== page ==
Study says machinery demand should grow
U.S. demand for plastics processing machinery should grow by 6.9 percent annually through 2001, according to a report by Freedonia Group Inc. of Cleveland.
Demand will top $3 billion in 2001, the study said. Technological advances, such as high-speed, twin-screw extruders and gas-assisted injection molding, will fuel much of the growth. Freedonia said demand for advanced technology, larger machines and sophisticated control systems should result in higher average prices for equipment.
The study covers primary equipment, including injection molding, blow molding, extrusion, thermoforming, compression molding, reaction injection molding, transfer molding, calendering and other types of machines. It also includes an analysis of the market for rebuilt and remanufactured machinery.
Injection molding machines account for 55 percent of the market, followed by blow molding (18 percent), extruders (13 percent), an ``other'' category (11 percent) and thermoformers (4 percent).
The 159-page report also profiles major plastics machinery makers, tracks acquisitions and specific markets, and outlines the global outlook. The report costs $3,100.
Tel. (216) 921-6800, fax (216) 921-5429, e-mail [email protected]
Guide is resource for education, training
Two plastics trade associations have released a comprehensive guide to education and training resources available to companies in the United States and Canada.
The ``Directory of Plastics Education and Training Programs in the U.S. and Canada'' lists more than 100 two- and four-year colleges and other sources of technical and vocational training for the industry, and also includes information on sources of scholarships.
The directory includes detailed information on institutions' degree programs, courses, faculty, tuition and admission requirements. Faculty listings include individuals' research interests and availability as industry consultants.
The information was compiled by the Plastics Institute of America Inc. in Fairfield, N.J., which then worked with the Washington-based Society of the Plastics Industry Inc. to publish and promote it, the groups said in a statement.
For more information, contact SPI at tel. (202) 974-5200, or fax (202) 296-7359.
Study gives skinny on European packaging
Almost 50 percent of packaged goods in Western Europe were packed in plastics in 1995, but plastics accounted for 16 percent by weight of the total, according to a new study.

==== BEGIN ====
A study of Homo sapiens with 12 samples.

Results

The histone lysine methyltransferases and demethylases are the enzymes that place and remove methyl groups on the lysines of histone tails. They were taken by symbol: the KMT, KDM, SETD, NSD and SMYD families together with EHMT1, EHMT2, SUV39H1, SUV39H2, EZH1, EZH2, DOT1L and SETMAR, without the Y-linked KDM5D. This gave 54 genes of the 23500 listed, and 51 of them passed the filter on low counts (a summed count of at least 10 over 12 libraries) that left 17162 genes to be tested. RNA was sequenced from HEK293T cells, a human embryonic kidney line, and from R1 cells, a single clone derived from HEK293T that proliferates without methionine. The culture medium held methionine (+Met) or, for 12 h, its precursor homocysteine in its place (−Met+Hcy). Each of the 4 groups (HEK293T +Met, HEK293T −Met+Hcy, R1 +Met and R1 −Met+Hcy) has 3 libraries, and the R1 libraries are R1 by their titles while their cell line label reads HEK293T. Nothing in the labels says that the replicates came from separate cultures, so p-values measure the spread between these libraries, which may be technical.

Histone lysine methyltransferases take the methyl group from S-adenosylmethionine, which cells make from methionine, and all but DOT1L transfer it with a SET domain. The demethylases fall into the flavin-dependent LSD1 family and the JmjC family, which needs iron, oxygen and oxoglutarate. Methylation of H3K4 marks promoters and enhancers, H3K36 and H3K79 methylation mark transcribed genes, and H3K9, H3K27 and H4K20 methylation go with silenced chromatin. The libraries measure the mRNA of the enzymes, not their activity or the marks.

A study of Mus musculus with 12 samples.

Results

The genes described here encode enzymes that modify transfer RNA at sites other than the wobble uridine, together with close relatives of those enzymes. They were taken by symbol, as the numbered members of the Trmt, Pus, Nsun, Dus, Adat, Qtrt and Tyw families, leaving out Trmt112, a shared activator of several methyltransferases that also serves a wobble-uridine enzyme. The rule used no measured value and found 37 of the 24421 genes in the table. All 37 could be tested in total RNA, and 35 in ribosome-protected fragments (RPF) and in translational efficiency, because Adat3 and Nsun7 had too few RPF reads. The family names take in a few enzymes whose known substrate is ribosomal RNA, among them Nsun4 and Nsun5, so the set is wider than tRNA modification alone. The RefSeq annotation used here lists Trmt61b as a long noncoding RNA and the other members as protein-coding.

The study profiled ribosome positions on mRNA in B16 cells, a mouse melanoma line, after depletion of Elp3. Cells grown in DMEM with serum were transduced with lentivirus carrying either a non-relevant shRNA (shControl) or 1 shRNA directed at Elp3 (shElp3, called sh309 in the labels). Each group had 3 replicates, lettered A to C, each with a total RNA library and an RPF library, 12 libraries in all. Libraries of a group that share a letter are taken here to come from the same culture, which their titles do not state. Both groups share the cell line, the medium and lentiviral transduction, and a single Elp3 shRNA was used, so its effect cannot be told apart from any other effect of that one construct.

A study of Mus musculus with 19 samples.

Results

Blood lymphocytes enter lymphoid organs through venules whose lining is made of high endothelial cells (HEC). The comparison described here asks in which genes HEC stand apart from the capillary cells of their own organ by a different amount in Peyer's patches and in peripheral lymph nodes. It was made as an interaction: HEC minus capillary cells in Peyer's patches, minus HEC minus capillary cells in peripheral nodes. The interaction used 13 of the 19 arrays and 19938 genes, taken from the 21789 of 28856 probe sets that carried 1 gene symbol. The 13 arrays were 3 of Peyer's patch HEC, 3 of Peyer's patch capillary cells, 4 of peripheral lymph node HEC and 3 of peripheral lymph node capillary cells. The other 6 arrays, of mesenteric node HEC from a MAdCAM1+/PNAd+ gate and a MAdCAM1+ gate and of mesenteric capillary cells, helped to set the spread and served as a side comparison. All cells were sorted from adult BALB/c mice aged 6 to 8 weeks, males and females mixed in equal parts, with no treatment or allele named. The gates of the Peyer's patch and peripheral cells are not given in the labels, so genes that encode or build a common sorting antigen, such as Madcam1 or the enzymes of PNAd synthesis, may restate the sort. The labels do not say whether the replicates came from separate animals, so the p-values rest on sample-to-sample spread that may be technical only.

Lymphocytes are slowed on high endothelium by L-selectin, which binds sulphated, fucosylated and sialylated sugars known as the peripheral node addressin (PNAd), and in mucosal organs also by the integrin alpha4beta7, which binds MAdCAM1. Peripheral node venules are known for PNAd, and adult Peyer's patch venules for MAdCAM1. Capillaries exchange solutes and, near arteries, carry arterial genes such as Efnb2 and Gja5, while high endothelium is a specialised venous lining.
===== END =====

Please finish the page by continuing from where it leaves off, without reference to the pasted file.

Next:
The report, ``Plastics — A Material of Choice in Packaging,'' revealed that the European packaging industry consumed 142.4 billion pounds of material in 1995, with plastics accounting for 23 billion pounds. The study was prepared by the Association of Plastics Manufacturers in Europe.
Paper and paperboard accounted for 38 percent of the total; glass, 21 percent; and metals, 8 percent.
``Plastics are in demand because they help packaging designers and manufacturers achieve a range of prevention principles — helping to reduce energy consumption, emissions, material consumption, waste and costs,'' said Freddy Marechal, executive director of APME's technical and environmental center.
Brussels, Belgium-based APME said plastic packaging is as much as 20 percent lighter than 20 years ago, with almost 90 percent of plastic consumer packages today weighing less than 10 grams.
Western European nations have set target rates for packaging recycling, with the current minimum target of 15 percent by 2001. According to the report, about 14 percent was recovered through mechanical or feedstock recycling in 1995.
Copies of the report are available free from APME's communications department at tel. +32 (2) 672-8259 or fax +32 (2) 675-3935.
Japanese production of molding units dips
Japanese production of injection molding machines, and plastics machinery overall, fell by about 2 percent in 1996, according to the Association of Japan Plastics Machinery in Tokyo.
But business picked up in the first quarter of 1997, AJPM reports.
In 1996, production for the total plastics machinery sector declined 2.6 percent, to 15,757 machines, down from 16,178 in 1995.
Injection presses, the largest category, fell 2 percent. According to the association, Japanese firms built 12,740 injection molding machines in 1996. In 1995, they made 12,999 presses.
The trade association breaks down injection molding machines by clamping-force category. The largest size category, machines under 100 tons of clamping force, declined by 10.3 percent, to 5,202 units, from 5,803 in 1995. All other categories increased — machines from 100-200 grew by 2.8 percent, to 3,969 units from 3,861; machines from 200-500 tons increased 4.1 percent, to 2,636 from 2,532; and machines over 500 tons grew by 16.2 percent, to 933, up from 803 units in 1995.
Japanese-made blow molding machines enjoyed a 21.8 percent jump, to 134 machines in 1996, from 110 machines.
Tel. +81 (3) 3542-8575, fax +81 (3) 3543-0619.